So the gloves are off, the truth is out, and now we’re finally getting somewhere.
Jeff Luhnow is a sleazeball, an underhanded scoundrel, a veritable rapscallion. Finally, after months and months of speculation and conjecture, the rumors, muttering and grapevine hearsay has finally been documented in the end-all Evan Drellich piece last week.
Look, I’m not here to defend or sanction Luhnow. Virtually everyone agrees that the Astros have taken a road less traveled (okay, much less traveled) to rebuild one of the worst organizations in baseball from top to bottom. Drastic action was necessary. A radical blueprint was imperative. Hard decisions were unavoidable.
From the outset, not everyone was going to be happy. Clearly, everyone isn’t. But, then again, we haven’t heard from anyone significant yet. No, an anonymous source, a pitcher who was disgruntled while he was in Houston and a former Astros’ shortstop who really didn’t slam the methodology don’t count for much.
What matters is results. If the team is winning, all of this stuff is secondary and perhaps even goes away.
In fact, radical ideas have come and gone. But some have changed the game. Consider:
- Branch Rickey, who formed what we now know as the minor leagues. Then commissioner Kennesaw Mountain Landis thought it would ruin the game and sought to put a stop to it.
- Everyone knows the story of Money Ball. Billy Beane focused on sabermetrics to find undervalued players in an effort to build a low-cost, high-reward team. Sound familiar?
- About a decade ago, Lou Piniella became upset with the Tampa Bay (Devil) Rays because they were focusing too much on the future (minor leagues) and not spending enough on the major league product. At one point, you may recall, there were rumblings that MLB should do something about the Rays. The Rays stuck with their plan and, it seemed to work out okay.
- Luhnow isn’t the first to try to tie up young players. Remember John Hart with the early 90s’ Indians? Seemed to work well then.
In football, many derided the West Coast Offense when it was introduced. Now, it’s the foundation of the the game. In many of our lifetimes, there was an ABA and an AFL. Eventually, they were swallowed up by the NBA and NFL, but they changed the way we played pro basketball and football.
The fact of the matter is that Luhnow may be out on his keister in a year or two. But it won’t be because his ideas failed. It will be because he refused to adapt and adjust along the way. It will be because he couldn’t communicate the “why” to the “what”. Why is the tandem pitching so important? What are the goals? Where are the success stories? What’s the basis for the premise?
Is the tandem pitching format something that will be copied in other organizations in five years? Will it be tweaked and become hugely successful? In 10 years, will Luhnow be looked at as an innovator and trail blazer or as a failure who couldn’t get his plan from paper to fruition?
Every successful idea goes through transition and some transformation. The key is for the genius behind the idea to adapt and adjust, taking the best parts of the idea, losing the stuff that doesn’t work and mixing the old ideas that work with the new innovations.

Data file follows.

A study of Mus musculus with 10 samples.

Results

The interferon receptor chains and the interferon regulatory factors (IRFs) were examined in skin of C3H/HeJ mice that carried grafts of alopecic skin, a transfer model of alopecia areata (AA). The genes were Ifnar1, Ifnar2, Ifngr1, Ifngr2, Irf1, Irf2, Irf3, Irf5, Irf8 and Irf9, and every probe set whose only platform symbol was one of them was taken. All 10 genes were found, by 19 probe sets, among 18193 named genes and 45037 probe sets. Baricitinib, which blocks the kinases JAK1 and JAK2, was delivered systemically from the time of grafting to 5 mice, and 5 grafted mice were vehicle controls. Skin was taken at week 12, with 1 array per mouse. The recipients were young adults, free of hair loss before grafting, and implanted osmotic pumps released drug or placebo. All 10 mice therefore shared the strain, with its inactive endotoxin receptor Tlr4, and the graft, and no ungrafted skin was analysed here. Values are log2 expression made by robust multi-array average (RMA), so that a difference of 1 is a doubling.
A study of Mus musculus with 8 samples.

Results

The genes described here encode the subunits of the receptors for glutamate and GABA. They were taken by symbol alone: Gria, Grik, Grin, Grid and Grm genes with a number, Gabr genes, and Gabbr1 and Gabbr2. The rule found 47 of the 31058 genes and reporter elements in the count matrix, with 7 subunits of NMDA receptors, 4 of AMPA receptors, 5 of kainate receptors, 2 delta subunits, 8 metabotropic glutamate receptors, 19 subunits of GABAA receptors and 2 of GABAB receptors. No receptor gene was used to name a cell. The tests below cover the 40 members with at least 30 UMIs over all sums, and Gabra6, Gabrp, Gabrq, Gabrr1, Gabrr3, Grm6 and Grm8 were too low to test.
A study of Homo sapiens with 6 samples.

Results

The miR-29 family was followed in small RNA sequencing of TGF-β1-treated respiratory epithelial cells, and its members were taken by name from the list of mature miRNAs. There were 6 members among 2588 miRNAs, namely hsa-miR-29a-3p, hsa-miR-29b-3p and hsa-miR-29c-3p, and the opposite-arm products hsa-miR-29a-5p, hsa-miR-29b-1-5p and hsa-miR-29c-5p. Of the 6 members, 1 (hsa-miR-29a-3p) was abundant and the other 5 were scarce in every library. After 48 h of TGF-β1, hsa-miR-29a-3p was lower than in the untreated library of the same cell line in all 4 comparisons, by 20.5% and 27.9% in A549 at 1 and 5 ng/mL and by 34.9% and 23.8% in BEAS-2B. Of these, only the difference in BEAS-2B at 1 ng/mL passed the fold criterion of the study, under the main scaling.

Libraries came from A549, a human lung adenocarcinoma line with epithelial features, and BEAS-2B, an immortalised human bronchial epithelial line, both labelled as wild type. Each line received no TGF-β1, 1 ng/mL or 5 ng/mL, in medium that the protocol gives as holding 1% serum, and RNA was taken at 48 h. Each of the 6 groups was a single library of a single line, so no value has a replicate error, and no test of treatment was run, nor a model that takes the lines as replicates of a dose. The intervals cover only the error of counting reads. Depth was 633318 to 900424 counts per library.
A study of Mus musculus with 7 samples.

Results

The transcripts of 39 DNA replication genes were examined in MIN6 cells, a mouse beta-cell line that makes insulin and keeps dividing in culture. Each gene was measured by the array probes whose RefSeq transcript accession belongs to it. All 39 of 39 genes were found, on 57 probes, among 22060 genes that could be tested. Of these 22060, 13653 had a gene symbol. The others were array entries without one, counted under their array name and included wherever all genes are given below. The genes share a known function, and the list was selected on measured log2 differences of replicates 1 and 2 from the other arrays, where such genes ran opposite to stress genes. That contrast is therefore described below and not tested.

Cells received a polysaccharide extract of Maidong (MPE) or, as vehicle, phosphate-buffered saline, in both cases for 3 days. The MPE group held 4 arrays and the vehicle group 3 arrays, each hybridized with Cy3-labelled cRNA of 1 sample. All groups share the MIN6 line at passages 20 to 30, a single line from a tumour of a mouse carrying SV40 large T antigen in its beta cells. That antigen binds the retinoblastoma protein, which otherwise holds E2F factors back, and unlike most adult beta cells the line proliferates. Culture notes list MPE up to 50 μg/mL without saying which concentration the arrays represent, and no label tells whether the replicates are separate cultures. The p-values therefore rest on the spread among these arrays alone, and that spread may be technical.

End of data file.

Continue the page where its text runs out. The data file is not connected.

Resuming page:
He is a fool who believes he can completely blow up hundreds of years of tried and true methods, implement an entirely new system…and still be successful. Those who succeed adapt and adjust, combining new tools with old practices and time-honored traditions. They recognize the necessary foundations to build on and know when to turn to the left or to the right to improve.
To be sure, the jury is still very out on Luhnow. But the test of his success won’t fall on his tandem pitching system, his efforts to lock up young players or his unusual defensive shifts.
Luhnow will rise or fall on his ability to build relationships and explain the “why” of the “what”. From Day 1, the Astros have dissed media and fans. And, apparently, players.
Rules without relationship breeds rebellion. To say that Luhnow is only concerned with the business of baseball is somewhat ludicrous. Every general manager makes decisions based on the dollars and sense of the deal. In fact, isn’t it all about the money for players? Aren’t players themselves encouraged — strongly encouraged — to take the best deal they can get?
Some of the best and most innovative doctors in the country have horrible bedside manner. But, if I was in a critical medical situation, forget the bedside manner, I’d rather have the best and most innovative working on me.
Has Luhnow clearly communicated the goal of the tandem pitching format? To players? To coaches? To fans? Have we heard all sides to the story of trying to lock up George Springer? Is he really keeping Jon Singleton on the farm just to keep him from becoming a Super Two?
And, he’s right in the sense that when the team starts to play better and win, complaints and murmuring will diminish.
Still, Luhnow’s success will rise and fall on a few things other than his blueprint, tandem pitching or managing a payroll. To succeed long term, he will need to:
- Communicate the “why” behind the “what”.
- Adapt and adjust. Be willing to tweak, modify or even discard ideas and methods that don’t work.
- Surround himself with people who “complete” him. That’s what makes a successful team.
- Admit and correct mistakes.
Frankly, there were no real revelations in last week’s article. Most of the things listed as “breaking” have been discussed here and elsewhere for over a year now. But what it has done is draw the line in the sand. It’s somewhat of a wake-up call that should cause Luhnow to reevaluate the direction of the team.
Reevaluate doesn’t necessarily mean change, but it should bring introspection and and openness to counsel. The next six months may tell the tale of the Luhnow Legacy. If he and the Astros can not and do not adapt and adjust, the organization may be staring at 5-6 consecutive 100-loss seasons.